Mutated blood stem cell receptors could be therapeutic targets for leukaemia

Researchers have identified that in leukaemia, mutated receptors allow blood stem cells to activate one another without the proper signal and suggest this discovery could lead to targeted novel therapies.

blood vessel with few red blood cells and many white blood cells, indicating leukaemia

Research into cell signalling has shown that in leukaemia, mutations in the cytokine receptors of blood stem cells triggers an overproduction of blood cells, causing the condition. The scientists hope this discovery will pave the way for targeted novel therapeutics in future.

In the study, published in Science, the research team discovered that while blood stem cells are normally regulated by cytokines, mutations can allow them to be activated without the correct signals, prompting the development of blood cells to spiral out of control.

The researchers used super-resolution fluorescent microscopy to study the way blood stem cells communicate with each other in real time. They observed cytokines binding to designated cell surface receptors, pairing the blood stem cells up and causing the production of blood cells. But when cells with mutations affecting these receptors were introduced, the cells paired up without cytokines and produced an imbalance of healthy platelets, white and red blood cells.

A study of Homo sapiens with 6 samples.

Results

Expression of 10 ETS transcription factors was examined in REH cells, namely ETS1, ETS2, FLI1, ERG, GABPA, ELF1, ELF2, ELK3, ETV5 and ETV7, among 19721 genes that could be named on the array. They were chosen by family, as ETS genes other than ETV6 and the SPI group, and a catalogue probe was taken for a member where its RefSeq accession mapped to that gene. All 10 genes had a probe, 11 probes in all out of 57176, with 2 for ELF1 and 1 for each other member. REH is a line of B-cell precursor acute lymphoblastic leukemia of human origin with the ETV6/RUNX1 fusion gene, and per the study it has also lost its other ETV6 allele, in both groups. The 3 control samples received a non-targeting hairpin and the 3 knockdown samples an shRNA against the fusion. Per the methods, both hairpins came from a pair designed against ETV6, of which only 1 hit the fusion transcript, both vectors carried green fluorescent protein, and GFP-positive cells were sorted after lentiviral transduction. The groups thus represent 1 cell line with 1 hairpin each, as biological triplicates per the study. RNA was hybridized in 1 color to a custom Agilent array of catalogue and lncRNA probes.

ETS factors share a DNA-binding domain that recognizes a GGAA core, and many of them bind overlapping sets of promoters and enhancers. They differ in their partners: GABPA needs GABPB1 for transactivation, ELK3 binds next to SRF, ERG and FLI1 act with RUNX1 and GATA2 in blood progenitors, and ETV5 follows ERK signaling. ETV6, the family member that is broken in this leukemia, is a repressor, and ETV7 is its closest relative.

Professor Ian Hitchcock from the York Biomedical Research Institute and the Department of Biology at the University of York, UK, explained: “Our bodies produce billions of blood cells every day via a process of cells signalling between each other. Cytokines act like a factory supervisor, tightly regulating this process and controlling the development and proliferation of the different blood cell types.

“Our observations led us to a previously unknown mechanism for how individual mutations trigger blood stem cells to start signalling independently of cytokines, causing the normal system to become out of control and leading to diseases like leukaemia. Understanding this mechanism may enable the identification of targets for the development of new drugs.”

Professor Ilpo Vattulainen from the University of Helsinki, Finland, added: “Our biomolecular simulations unveiled surprising features concerning the orientation of active receptor pairs at the plasma membrane, explaining how mutations render activation possible without a ligand (eg, cytokine). These predictions were subsequently confirmed experimentally.”